The actual site is a foreshore location on the eastern shore of the River Severn to the west of Tites Point, in Gloucestershire. At low tide, the Silurian Ludlow beds are exposed, yielding a range of fossils, including seeds, plants and molluscs. However, of most importance is the abundance of fish remains from the Ludlow Fish Bed.
♦ Tites Point is situated near the village of Purton, which is north of Sharpness. Purton can be reached by crossing the canal by car or foot, which has an automatic swing bridge. Park on the verge just before the Berkeley Arms pub. Note that it shuts at 2.00pm and the gates to the car park are locked.
♦ Therefore, don’t use the pub car park. Take the public footpath for 275m and you will find access to the foreshore after the “Private” sign. Note that this refers to the field rather than access to the foreshore.
♦ Ref: 51.738745N, -2.452992W
FIND FREQUENCY: ♦♦♦♦ – There is a very high chance of finding fossils at this site, although the most favourable conditions are during winter and spring scouring tides. Tites Point is more widely known for its abundance of fish remains, but fossil seeds, plants and molluscs are just as common.
CHILDREN: ♦♦♦ – The expansive tidal mud flats makes this site difficult for children to visit, with the only nearby toilet in a pub. We only recommend this site to older children, who can visit the eastern side, but should not visit the western side, which has very deep mud.
ACCESS: ♦♦♦ – Getting there is a quick and easy route by foot, but the actual site can be hard to find. Locate Sharpness on the map and Purton is to the north. The local pub does not do food or hot drinks, and shuts at 2pm. Unfortunately, this is also where the only toilet in the area is. The foreshore is very muddy and can be tricky to walk on for the very young and old.
TYPE: – Tites Point is a foreshore location on the eastern shore of the River Severn, to the west of Tites Point, in Gloucestershire. Fossils can be found at low tide, from the exposed Ludlow rocks.
When you reach the foreshore, the rocks should be visible almost immediately, providing you visit on a low tide. There are two ends of Tites Point to visit. To the east, plant remains, fossil seeds, bivalves and brachiopods can be found by splitting the mudstone and limestone layers. But the best beds can be found at the base of the Thornbury Beds, exposed at Tites Point itself, and along the western side of Tites Point. These are packed full of fish remains. Sadly, the western side is the hardest to access, as the mud is extremely thick, so care must be taken when visiting. The most common fossils here are fish remains, such as head shields, scales, spines and teeth. Species of fish include Cyathaspis banksi (a primitive heterostracan, which are extinct jawless vertebrates), Thelodus parvidens, T. bicostatus, T. pugniformis, T. trilobatus, Acanthodii incertae sedis and Onchus sp.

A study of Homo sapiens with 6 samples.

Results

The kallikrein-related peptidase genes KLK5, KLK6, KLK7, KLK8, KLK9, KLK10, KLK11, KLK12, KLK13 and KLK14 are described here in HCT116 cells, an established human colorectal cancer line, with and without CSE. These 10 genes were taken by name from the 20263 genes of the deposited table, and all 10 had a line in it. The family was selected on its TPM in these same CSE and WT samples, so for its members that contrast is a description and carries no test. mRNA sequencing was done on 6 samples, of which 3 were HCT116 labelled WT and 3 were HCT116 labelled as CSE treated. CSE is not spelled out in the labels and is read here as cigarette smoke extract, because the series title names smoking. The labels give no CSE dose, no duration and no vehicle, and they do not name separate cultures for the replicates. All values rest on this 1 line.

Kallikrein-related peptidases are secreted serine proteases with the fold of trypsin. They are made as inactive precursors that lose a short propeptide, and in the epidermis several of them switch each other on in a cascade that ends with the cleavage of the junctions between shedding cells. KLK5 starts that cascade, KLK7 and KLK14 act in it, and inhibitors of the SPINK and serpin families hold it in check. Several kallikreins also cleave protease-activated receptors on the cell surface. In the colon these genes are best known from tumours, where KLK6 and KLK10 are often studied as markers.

This site is a limited exposure of Silurian rocks, situated on the eastern shore of the River Severn, to the west of Tites Point. Here, the Leintwardine (Ludlow Series) and Downton Castle Sandstone Formation of approximately 423 Mya, are exposed.
The Whitcliffe Formation is of the greatest importance and consists of a succession of silty mudstones, siltstones and thin limestone layers, the latter occurring particularly in the upper part of the sequence and contain a high concentration of brachiopods, worm tubes and fish denticles. The silty mudstones contain layers of white sand drift, mixed with shales and calcareous matter, which all yield fish scales and teeth. These layers are referred to as the ‘Ludlow Bone Bed’
The Whitcliffe Formation is overlain by 1.7 m of the Downton Castle Sandstone Formation and above that, the Thornbury Sandstone. which can be seen at the western end of the section; and displays sandstone channels cutting into the underlying fine-grained sandstone at the top of the Whitcliffe Formation. This sandstone is rarely seen, because all but the tops of one or two harder bands are hidden under thick, glutinous estuarine mud, and the rock can only be examined after exceptional conditions have swept this away.
All but the tops of one or two harder bands are hidden under thick glutinous estuarine mud, which makes this site totally unsuitable for children.
Common sense when collecting at all locations should always be used and you should be aware of tide times before you go, as tides are the main danger at this site. With double tides and the Severn Bore, there is normally less than five hours between high and low tide. Be sure to get the very latest tide times for your trip and keep a watch for the incoming tide. The other danger is the thick mud, which can be extremely deep at the western end.
A pick hammer is the most useful tool here, along with chisels. Wellington boots are essential, as the foreshore is very muddy.
This site is a site of special scientific interest (SSSI). This means you can visit the site, but hammering the bedrock is not permitted. For full information about the reasons for the status of the site and restrictions, download the PDF from Natural England.